Bracing for a Supreme Court ruling this summer in a major abortion case, states are preparing abortion laws that look ahead to the legal landscape in a post-Roe v. Wade world.
A number of red states are pursuing bans on abortion that would face potentially successful court challenges in the event the Supreme Court upholds the abortion protections established by the 1973 Roe decision.
Some blue states, meanwhile, are looking to codify abortion protections in anticipation of a potential erosion of the legal precedents that prevent most abortion restrictions from getting enacted.
The case centers on Mississippi’s efforts to enforce a 15-week abortion ban.
If the current legal line is erased by the Dobbs decision, which is expected in June, the restrictive state laws making their way through some legislatures now would be at risk for invalidation in the months ahead.
Oklahoma lawmakers advanced a bill this week that would outlaw abortions in almost all circumstances, making it the latest Republican-controlled state to pursue more aggressive restrictions in anticipation of the Dobbs decision.
Florida lawmakers passed an abortion bill last month that would ban the procedure after 15 weeks of pregnancy.
Previously, the state set abortion limits at 24 weeks. Under the Roe framework and reinforced by the 1992 Planned Parenthood v. Casey decision, attempts to limit abortion access before the 24-week mark were typically struck down by courts.
Kentucky lawmakers have also advanced a 15-week abortion ban this year.
Republican state lawmakers said they crafted their abortion restriction to mirror Mississippi’s to afford it immediate protection if the Dobbs case upholds the Magnolia State’s law.
Idaho Gov. Brad Little signed into law earlier this month a ban on most abortions after doctors can detect a fetal heartbeat — typically after about six weeks of pregnancy.
Modeled after a controversial Texas law that imposes similar restrictions, the Idaho law’s enforcement mechanism involves permitting civil lawsuits against abortion providers who violate the ban.
Any family member of a fetus aborted in violation of the restrictions can bring a lawsuit against the provider.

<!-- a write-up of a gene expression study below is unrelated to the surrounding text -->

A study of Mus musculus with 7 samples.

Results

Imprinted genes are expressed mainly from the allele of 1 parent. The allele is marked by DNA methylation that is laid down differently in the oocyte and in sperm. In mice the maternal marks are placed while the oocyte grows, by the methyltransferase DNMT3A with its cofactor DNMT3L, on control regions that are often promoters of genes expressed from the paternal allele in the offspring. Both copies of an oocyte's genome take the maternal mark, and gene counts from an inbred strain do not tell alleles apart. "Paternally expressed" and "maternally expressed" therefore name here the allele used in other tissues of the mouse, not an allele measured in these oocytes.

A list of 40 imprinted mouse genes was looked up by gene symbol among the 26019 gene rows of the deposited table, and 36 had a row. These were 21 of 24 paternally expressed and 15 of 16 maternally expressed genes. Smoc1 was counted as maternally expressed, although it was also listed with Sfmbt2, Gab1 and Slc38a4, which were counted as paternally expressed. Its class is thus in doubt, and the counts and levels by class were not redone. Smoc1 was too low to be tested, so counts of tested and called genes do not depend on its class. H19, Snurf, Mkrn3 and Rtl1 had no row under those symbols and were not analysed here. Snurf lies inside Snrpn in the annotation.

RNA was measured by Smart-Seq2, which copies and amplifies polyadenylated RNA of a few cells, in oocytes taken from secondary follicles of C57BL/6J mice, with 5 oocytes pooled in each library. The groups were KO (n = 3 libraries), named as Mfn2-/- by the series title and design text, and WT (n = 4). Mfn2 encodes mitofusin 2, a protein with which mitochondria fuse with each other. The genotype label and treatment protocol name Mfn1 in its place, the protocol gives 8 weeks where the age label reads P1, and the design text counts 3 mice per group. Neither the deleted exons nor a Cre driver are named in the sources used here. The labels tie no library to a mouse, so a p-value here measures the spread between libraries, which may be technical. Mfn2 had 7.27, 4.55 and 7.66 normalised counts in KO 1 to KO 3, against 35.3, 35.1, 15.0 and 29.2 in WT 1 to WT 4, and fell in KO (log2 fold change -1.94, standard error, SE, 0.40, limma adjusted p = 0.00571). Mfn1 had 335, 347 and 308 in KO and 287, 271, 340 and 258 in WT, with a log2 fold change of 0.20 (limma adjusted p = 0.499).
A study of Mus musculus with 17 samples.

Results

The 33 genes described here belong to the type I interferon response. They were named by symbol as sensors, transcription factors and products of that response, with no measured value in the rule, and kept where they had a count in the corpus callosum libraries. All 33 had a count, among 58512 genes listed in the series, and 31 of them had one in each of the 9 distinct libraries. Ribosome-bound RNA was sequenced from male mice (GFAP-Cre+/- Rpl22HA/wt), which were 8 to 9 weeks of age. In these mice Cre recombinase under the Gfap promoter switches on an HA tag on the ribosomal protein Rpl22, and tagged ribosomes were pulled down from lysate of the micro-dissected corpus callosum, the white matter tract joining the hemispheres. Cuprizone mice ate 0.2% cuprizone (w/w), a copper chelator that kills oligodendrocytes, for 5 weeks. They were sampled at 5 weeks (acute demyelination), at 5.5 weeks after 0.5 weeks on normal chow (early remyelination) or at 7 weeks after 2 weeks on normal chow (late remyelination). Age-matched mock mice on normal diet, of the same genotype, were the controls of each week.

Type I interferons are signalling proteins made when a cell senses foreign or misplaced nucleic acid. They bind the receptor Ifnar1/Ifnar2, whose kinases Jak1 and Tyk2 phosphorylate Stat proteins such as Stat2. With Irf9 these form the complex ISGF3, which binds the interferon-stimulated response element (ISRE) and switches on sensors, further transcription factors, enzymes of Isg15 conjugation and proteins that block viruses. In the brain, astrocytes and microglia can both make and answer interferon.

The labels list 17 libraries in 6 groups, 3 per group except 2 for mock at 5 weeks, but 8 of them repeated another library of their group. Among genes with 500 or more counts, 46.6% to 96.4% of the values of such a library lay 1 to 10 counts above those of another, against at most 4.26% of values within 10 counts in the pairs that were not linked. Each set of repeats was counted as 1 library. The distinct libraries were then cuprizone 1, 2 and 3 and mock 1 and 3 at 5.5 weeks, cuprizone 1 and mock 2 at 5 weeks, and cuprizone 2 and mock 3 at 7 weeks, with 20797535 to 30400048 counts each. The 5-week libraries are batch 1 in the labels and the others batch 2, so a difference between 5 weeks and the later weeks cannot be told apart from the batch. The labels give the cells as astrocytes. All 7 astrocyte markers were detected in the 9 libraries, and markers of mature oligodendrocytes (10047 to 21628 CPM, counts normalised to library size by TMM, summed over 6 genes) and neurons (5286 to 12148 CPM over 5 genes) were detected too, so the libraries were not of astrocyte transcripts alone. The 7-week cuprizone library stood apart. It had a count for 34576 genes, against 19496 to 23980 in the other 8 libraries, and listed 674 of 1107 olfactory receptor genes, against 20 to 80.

While the law allows for exceptions in cases in which a pregnancy results from rape or incest, a woman must have filed a police report prior to seeking an abortion later than six weeks into her pregnancy.
Enforcement of the Texas law passed last year also comes from civil litigation, but any private citizen can sue any person who helps a woman get an abortion there, with providers at risk of paying major financial penalties if they lose in those lawsuits.
Colorado Gov. Jared Polis, a Democrat, signed abortion protections into law on Monday, shielding access to the procedure no matter what occurs in the court this summer.
"This bill simply maintains the status quo, regardless of what happens at the federal level, and preserves all existing constitutional rights and obligations,” Polis said after signing the legislation.
Colorado has few limits on when in a pregnancy a woman can choose to seek an abortion. In 2020, voters defeated a ballot initiative that would have cut off access at 22 weeks — just before the age of viability.
California lawmakers have debated a series of proposals related to the issue, including protections for late-term pregnancy loss and programs to help out-of-state women access abortions if they face obstacles in their own states.
Proposed in the wake of the passage of the Texas abortion ban, the California measures would establish privacy laws that shield women from facing penalties back in the state that bans abortions and would use taxpayer money to help low-income women travel to California to obtain the procedure.
Potentially signaling a trend that could take hold in blue states if Roe is overturned this summer, Oregon lawmakers have also established a fund to help women travel from states that restrict abortions to Oregon to get the procedure.